CUPE Ontario is marking the end of 2023 with a shout-out to the determined CUPE members who belong to the OMERS (Ontario Municipal Employees Retirement System) pension plan: this year, these members ran a successful campaign, Cancel the Cuts, and their activism has ensured that no reductions will be made to their OMERS pensions.
Their campaign began as a fightback against anticipated reductions to the pensions of OMERS retirees. For two years, OMERS’ Sponsors Corporation (SC) had been conducting a review, which it called “plan risk assessment” of the pension plan. The review was carried out in secret and behind closed doors, leading plan members to suspect that cuts were in the works.
The Cancel the Cuts campaign was created in early 2023, with CUPE Ontario working alongside fellow plan sponsor OPSEU/SEFPO. The campaign trained dozens of pension activists to mobilize plan members to fight any proposals for changes to OMERS. They held meetings with workplace colleagues, worked with CUPE locals to pass resolutions against cuts to OMERS, and gathered signatures on petitions.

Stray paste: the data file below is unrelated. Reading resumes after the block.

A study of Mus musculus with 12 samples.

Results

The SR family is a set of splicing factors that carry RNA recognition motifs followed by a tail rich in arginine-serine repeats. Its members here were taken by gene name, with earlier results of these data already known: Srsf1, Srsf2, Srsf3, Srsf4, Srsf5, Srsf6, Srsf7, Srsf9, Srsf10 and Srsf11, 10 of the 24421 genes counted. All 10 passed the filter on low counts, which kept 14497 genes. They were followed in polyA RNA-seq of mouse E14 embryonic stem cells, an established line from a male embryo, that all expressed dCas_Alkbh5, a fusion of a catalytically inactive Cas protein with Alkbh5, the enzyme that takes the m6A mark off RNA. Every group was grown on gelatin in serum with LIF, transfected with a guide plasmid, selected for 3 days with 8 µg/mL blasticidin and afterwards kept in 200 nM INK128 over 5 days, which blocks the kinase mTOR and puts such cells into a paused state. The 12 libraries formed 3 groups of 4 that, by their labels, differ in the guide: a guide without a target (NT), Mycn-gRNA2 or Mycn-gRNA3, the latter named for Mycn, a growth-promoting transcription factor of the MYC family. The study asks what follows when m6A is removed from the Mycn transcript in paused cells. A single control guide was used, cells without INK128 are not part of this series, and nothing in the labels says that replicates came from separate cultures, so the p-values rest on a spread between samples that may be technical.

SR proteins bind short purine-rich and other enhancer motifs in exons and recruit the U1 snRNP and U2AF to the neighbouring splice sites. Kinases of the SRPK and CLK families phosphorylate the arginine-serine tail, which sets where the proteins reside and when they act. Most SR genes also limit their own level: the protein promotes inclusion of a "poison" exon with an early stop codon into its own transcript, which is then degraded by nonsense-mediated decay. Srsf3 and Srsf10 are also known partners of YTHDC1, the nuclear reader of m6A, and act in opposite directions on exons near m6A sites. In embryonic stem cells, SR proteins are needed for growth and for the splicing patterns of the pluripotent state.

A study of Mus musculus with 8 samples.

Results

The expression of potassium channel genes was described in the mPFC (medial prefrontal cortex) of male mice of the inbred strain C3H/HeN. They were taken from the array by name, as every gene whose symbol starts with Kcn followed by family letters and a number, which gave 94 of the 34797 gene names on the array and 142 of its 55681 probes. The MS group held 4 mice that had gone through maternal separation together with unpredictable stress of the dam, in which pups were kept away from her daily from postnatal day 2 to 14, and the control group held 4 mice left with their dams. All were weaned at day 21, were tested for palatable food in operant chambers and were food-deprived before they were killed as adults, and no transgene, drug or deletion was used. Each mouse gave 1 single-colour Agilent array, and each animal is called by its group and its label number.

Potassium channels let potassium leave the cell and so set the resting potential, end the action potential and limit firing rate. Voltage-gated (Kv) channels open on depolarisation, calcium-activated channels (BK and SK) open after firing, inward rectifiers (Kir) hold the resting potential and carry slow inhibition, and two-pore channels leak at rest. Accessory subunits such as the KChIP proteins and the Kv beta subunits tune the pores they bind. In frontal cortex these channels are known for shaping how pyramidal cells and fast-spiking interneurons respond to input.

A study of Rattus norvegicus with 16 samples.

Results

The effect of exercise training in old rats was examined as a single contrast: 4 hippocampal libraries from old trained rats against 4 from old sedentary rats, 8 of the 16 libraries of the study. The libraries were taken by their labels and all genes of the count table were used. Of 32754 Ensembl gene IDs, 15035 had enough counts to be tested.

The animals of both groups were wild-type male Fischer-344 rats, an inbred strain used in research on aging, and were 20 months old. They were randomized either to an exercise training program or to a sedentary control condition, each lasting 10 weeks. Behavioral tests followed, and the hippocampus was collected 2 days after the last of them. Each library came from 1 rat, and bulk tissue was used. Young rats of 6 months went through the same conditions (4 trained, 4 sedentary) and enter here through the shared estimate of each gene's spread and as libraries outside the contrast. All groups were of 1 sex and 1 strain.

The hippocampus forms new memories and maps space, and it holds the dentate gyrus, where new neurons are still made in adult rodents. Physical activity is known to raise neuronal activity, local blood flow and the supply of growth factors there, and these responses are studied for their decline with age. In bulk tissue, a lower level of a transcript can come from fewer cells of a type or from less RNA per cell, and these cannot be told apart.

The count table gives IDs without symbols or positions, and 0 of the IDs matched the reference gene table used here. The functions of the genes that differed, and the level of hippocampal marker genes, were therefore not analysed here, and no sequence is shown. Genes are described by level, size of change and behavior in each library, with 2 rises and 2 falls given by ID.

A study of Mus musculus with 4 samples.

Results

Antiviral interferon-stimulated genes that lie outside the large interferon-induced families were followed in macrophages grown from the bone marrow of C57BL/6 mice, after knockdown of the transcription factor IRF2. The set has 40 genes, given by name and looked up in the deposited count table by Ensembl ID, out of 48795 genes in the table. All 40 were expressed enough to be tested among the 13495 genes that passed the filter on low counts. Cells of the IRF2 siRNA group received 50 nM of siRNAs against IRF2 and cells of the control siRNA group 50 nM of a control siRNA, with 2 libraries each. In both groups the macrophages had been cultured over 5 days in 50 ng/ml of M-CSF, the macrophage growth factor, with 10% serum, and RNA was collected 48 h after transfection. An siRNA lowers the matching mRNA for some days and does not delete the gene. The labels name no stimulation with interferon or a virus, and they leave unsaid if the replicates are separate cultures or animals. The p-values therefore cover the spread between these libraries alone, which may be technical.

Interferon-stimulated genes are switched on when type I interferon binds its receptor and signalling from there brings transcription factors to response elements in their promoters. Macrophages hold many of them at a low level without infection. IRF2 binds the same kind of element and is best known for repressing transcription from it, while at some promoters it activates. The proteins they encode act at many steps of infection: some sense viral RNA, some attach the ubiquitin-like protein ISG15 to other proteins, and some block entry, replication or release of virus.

Victory came in late fall when, after the years-long review, OMERS’ Sponsors Corporation confirmed that no cuts would be made to the existing plan.
“We knew that there was no case to be made that could justify cuts to members’ pensions. Cancel the Cuts was a sign to OMERS that it would have a fight on its hands if it had gone ahead with changes,” said CUPE Ontario president Fred Hahn.
“All signs were pointing to the sponsors corporation’s review being a justification of cuts to workers’ pensions. But union members weren’t going to stand for that: they got involved, they mobilized, they spoke to other plan members, and they showed OMERS that it would have a fight on its hand if it tried to cut our pensions.”
Hahn spoke with pride of the work by CUPE members to ensure no cuts were made to the plan.
“This year saw a major win for all OMERS plan members. We are all deeply grateful to the activists who spoke up to defend their and their colleagues’ pensions. The lesson we hope the SC has learned is that they can’t say they’ve consulted us and then do whatever they want – unions should have a direct and unencumbered voice at the table, and we won’t be satisfied until we get it.”